Many times, you can lose access to the internet on one computer out of the network while the others are working just fine. General rule of thumb is that if internet does not work on one workstation – it’s cabling, if it’s the whole network – it’s a networking device like the switch, router, or modem.
The goal with these situations is to find out if you lost LAN/WAN which means its almost certainly a cabling/switch issue or you just cannot access the internet. This is almost always a client having issues with their browser and is almost never an actual networking issue (in my experience).
- First, is it a cabling issue?
1a. Run – ncpa.cpl – Local Area Connection – What does it say as the status? Does it say “Network Cable Unplugged” if so, try the steps in Computer Cannot Connect to LAN/WAN.
1b. If it says network cable unplugged, it could be a bad switch port as well, have the client move the cable to a different port.
- If it’s not cabling, we need to check the network setup:
2a. Run – ncpa.cpl – Local Area Connection – Right Click – Properties – Internet Protocol Version 4 Properties – Properties – See if it’s set to “Automatically Obtain…” DHCP or “Uses the following…” Static. If static, see what the DNS is. Set it this way:
2b. If the computer is on a domain, set the primary DNS to the DC’s IP address and leave the secondary DNS blank.
2c. If the computer is on a workgroup, set the primary DNS to the default gateway and the secondary to a public DNS server, I always use 126.96.36.199.
2d. If on DHCP, Run – cmd – ipconfig /all. Get the default gateway.
- Can we ping the gateway? How about other hosts?
3a. If no, reboot the computer. Also check the Windows host file or start scanning for malware.
3b. If you can ping all internal host and gateway, but not anything past the WAN – we need to look at the router.
3c. Open up a browser and type in the gateway’s IP to see if you can log in to it’s web GUI. If so, look for a “tools” section which usually will let you run a ping from the router to your computer. Do it. Does it get a reply?
3d. If so, keep troubleshooting. If not, it is most certainly antivirus/firewall issues at this point. There are some that will block all WAN access but keep LAN connectivity.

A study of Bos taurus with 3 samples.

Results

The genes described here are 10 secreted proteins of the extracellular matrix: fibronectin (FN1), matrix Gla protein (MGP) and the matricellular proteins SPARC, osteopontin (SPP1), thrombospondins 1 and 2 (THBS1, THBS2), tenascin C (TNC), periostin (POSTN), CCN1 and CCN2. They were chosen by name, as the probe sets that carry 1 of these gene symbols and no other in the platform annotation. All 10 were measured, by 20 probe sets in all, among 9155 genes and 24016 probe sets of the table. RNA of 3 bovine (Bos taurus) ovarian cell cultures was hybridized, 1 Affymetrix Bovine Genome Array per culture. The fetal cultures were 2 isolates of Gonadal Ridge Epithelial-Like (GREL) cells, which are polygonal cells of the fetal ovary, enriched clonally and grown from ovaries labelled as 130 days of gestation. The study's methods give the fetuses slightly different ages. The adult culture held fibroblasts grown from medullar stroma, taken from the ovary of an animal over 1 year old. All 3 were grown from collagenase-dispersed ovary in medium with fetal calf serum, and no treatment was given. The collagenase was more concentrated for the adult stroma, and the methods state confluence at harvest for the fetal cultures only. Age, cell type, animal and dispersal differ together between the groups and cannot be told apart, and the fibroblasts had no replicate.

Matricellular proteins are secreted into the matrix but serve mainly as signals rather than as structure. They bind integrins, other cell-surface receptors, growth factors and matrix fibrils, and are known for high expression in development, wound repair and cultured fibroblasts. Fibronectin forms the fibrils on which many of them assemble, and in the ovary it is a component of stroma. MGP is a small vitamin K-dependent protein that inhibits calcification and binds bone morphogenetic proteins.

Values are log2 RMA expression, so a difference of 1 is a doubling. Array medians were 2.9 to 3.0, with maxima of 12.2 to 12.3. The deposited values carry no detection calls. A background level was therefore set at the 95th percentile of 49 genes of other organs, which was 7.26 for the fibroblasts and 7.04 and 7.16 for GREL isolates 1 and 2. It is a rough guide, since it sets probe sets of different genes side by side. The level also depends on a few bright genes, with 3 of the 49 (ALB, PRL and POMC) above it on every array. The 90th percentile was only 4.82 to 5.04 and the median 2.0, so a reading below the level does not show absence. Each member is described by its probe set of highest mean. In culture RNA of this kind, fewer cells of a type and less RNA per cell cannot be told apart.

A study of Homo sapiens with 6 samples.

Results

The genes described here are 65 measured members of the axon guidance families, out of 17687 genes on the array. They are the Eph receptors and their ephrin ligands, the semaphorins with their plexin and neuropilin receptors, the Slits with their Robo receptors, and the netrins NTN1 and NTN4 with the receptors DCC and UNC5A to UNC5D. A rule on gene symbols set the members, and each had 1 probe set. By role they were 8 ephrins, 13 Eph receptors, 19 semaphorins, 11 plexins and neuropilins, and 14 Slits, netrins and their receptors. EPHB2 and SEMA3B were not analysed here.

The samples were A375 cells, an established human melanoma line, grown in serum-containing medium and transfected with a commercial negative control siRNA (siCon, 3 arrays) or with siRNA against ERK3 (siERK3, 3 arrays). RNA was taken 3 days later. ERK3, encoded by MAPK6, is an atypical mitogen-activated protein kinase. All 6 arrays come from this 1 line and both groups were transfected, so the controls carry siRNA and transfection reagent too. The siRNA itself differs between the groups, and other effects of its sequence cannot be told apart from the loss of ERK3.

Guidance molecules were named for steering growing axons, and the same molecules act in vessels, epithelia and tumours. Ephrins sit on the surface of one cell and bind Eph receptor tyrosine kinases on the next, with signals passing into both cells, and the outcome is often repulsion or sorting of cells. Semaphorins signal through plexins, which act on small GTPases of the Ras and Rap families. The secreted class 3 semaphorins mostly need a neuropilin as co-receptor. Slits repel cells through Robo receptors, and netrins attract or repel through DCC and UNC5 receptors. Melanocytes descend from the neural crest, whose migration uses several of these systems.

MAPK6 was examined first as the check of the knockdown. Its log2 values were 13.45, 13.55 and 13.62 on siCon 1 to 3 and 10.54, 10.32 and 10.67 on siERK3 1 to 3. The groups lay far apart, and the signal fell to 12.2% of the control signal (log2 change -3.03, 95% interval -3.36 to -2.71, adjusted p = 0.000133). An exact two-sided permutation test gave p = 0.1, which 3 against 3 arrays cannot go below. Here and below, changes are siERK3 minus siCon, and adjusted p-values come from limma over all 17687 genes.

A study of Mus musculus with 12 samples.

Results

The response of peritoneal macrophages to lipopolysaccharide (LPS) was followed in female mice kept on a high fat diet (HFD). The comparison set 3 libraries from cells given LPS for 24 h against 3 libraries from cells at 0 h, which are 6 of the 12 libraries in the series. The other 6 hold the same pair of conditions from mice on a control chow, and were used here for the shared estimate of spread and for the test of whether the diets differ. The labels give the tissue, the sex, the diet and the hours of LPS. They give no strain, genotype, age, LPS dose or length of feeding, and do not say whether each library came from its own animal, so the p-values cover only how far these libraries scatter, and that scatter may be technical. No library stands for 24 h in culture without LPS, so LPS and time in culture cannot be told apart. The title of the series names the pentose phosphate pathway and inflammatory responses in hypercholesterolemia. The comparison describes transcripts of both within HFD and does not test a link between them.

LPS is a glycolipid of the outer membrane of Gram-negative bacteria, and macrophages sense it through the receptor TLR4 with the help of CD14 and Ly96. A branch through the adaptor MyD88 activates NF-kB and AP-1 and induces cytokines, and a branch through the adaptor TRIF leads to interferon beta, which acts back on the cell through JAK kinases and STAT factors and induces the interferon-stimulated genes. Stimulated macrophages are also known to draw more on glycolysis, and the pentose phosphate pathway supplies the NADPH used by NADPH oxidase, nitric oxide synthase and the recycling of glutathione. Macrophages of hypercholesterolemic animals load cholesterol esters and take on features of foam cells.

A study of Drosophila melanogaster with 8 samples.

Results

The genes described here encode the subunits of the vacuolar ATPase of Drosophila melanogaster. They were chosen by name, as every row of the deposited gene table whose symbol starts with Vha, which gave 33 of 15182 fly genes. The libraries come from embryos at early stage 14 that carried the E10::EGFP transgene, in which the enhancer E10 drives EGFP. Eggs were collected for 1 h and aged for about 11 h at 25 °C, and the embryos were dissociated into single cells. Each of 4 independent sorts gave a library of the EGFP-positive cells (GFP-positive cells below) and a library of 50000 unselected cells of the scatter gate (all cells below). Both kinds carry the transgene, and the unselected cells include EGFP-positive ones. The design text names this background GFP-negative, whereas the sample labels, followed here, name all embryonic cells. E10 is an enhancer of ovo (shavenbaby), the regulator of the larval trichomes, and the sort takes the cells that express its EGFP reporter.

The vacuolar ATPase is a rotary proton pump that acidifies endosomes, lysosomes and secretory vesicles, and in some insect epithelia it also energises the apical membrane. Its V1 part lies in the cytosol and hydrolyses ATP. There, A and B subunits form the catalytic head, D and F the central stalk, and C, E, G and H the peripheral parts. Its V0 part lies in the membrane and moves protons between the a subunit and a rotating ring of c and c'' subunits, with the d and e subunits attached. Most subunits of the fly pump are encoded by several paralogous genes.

3e. While in the router, check to see if it has “Node Limits”. This is basically a feature in many business class routers that says that router will only let so many devices connect to the internet unless you purchase a “license” that allows you to have more “Nodes”. Note this is real common if the router has any kind of “Web Filtering” features.
- If you reached this point, I’m not sure the fix. But as a shot in the dark, I would definitely start power cycling networking devices (if the client doesn’t care which they almost certainly will).
Double check that the computer is entering the correct passphrase or password for the wireless network. Ensure that Caps lock is not on and Num Lock is if using the keypad. This is almost always the cause.
See if anything else is connected to the network wirelessly. Determine if the device is accessing the internal network or a Wifi hotspot. Many network admins set up their Wifi Devices to have one on the internal network with MAC Address filtering and one on a general network usually through the DMZ port on the router. This is so that some computers can only access the internet when connected and other can access the internet and the internal network.
Run – cmd – ipconfig /all. Get the Default Gateway and log in to it’s web GUI. Do you see the device as connected? If it’s not in the list, that means the wireless device is not able to communicate with the router. At this point, check to see if you have “MAC Address Filtering” enabled. If so, double check that the wireless device’s NIC MAC Address is in the list. To get it, just run ipconfig /all and get the “Physical Address” associated with the wireless NIC.